The impact of remote learning has been regularly questioned in recent years as it becomes a familiar occurrence in organizational learning and development (L&D) practices. As many people began working from home out of necessity due to the COVID-19 pandemic, organizations quickly developed new ways of supporting their remote employees in their learning to satisfy changing needs. These were often viewed as temporary, or “until things return to normal,” policies that gave short-term solutions to employees in need.

Fast forward three years and the debate of remote versus in-person learning only continues to pull in more leaders, who then become the subject of studies aimed to either garner support for or unanimously dismiss remote learning. The theme of many dismissive studies in favor of in-person instruction is the same: remote learning hurts organizational culture and, thus, leaders must choose one or the other. The misconception of culture versus remote learning undermines the benefits remote learning brings to organizations when done correctly.

There are valid concerns surrounding remote learning’s impact on culture that leaders must recognize and address when setting the organization up for success. In one study, they found that remote employees feel less supported than their in-person peers in certain aspects, such as office politics, prioritization and communication. A key finding of the study was that “when remote members of a team encountered common workplace challenges, 84% said the concern dragged on for a few days or more.” This significantly impacts remote employees’ work and, through a training lens, negatively affects their capacity to learn and develop. These are major organizational concerns, and it makes sense for leaders to consider terminating remote work or learning opportunities, thus bringing people back in person to better experience their company culture. However, there is a clear middle ground that nullifies the false narrative of culture versus remote learning.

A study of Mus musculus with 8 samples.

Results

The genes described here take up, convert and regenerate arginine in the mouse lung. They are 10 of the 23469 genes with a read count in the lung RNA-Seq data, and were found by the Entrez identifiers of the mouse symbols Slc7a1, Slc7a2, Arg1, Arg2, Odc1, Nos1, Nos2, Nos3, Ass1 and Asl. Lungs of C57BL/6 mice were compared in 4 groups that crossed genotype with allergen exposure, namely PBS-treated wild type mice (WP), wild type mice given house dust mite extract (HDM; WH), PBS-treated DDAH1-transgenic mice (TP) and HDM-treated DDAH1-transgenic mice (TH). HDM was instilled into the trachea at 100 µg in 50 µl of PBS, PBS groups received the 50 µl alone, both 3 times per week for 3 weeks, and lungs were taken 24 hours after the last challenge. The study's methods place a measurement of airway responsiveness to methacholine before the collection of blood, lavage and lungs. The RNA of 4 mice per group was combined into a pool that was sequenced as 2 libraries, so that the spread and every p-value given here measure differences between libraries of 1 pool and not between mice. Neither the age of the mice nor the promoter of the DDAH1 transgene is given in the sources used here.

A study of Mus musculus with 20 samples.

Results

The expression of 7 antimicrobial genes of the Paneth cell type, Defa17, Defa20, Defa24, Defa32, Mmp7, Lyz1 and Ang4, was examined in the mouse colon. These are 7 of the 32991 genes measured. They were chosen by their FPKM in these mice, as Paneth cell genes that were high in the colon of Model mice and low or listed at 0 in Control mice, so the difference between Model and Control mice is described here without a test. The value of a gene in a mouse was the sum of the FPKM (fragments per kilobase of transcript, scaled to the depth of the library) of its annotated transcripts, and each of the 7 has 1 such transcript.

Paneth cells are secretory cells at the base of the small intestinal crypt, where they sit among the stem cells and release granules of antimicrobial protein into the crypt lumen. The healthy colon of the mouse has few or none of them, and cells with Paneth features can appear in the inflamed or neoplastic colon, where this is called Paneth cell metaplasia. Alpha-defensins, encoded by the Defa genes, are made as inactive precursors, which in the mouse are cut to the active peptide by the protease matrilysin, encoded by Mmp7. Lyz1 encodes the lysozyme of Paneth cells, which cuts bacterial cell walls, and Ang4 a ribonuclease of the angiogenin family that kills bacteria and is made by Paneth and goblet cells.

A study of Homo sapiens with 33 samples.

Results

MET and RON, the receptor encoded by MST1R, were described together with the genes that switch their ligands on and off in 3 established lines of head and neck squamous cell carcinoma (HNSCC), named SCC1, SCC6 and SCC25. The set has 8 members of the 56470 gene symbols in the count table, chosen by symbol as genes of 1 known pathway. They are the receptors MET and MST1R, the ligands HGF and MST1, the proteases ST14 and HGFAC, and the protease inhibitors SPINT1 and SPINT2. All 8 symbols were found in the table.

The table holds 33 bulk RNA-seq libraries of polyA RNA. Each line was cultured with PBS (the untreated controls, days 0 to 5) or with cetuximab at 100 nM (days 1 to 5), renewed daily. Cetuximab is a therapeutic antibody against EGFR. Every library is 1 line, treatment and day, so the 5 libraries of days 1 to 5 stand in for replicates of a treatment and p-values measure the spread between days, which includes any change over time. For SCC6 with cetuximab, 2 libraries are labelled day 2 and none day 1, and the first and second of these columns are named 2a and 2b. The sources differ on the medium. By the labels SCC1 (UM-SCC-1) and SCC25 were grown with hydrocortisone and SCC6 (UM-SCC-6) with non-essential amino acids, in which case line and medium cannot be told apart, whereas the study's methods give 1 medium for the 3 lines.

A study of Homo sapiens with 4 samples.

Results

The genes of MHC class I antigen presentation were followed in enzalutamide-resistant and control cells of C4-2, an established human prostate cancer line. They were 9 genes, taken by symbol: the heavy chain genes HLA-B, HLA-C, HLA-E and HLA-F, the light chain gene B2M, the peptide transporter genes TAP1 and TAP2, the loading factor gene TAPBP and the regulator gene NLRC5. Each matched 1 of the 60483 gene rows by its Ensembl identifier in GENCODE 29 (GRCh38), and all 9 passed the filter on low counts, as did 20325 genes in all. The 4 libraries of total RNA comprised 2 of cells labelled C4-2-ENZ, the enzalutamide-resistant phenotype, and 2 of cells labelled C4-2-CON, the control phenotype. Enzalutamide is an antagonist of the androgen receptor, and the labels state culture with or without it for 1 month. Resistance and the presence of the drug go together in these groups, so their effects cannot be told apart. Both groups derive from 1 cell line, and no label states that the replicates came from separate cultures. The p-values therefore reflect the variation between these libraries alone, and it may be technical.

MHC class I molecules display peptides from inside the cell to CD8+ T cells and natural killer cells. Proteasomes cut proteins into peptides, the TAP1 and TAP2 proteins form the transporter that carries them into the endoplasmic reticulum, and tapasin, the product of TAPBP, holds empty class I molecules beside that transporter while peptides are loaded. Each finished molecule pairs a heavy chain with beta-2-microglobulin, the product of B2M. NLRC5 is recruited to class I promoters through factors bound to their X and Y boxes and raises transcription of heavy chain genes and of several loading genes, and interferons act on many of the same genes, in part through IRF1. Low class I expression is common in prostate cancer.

Leaders can make sustainable long-term options for remote learning based the short-term solutions implemented in the early stages of the pandemic. A key thought to integrate into the design process that supports this is that “remote” does not equal “isolated.” If an organization solely focuses on asynchronous learning options, such as eLearning in a learning management system (LMS) or “read when you can” policy updates, they are isolating remote learners and hurting the connections that build their culture. Instead, learning leaders can introduce modified synchronous learning opportunities by hosting virtual roundtables or interactive presentations that bring employees face to face through a screen. These people-forward activities, alongside the necessary asynchronous options, enhance the learning experience across the board while simultaneously bringing employees back to the culture of the organization.

Another way to avoid disengagement in remote learning is to use people’s desire to win when creating a culture-centric remote learning plan. The Peloton at-home stationary bike offers a prime example of this. According to Slate, a large factor of success for Peloton has been “simulating the experience of gym classes and communities with virtual group sessions.” Fitness classes inspire people to get to the top of the leaderboard, and Peloton has capitalized on this with a remote program aimed at friendly competition. Learning leaders can take a lesson from this — create excitement for learning that spreads to all employees and rewards the most active learners for their involvement. This is often referred to as the gamification of learning and is crucial to a remote learning plan that supports organizational culture.

To summarize, the misconception of organizational culture versus remote learning is dangerous to organizations looking to develop their talent through the changing business environment. The all-or-nothing approach to in-person versus remote learning alienates employees and can deter them from participating with the culture of the organization, meaning leaders must approach the topic with adaptability. By introducing a blended learning strategy of both independent study and virtual group sessions, organizations can support their employees and culture without displacing anyone not physically present. Furthermore, these options should gamify the learning experience and drive employees to friendly competitions with their peers, regardless of their location.

When organizations engage remote employees through learning, they mitigate the risk of isolation and maintain their culture without ever pitting the two against each other, avoiding the common misconception that culture can’t exist alongside remote learning.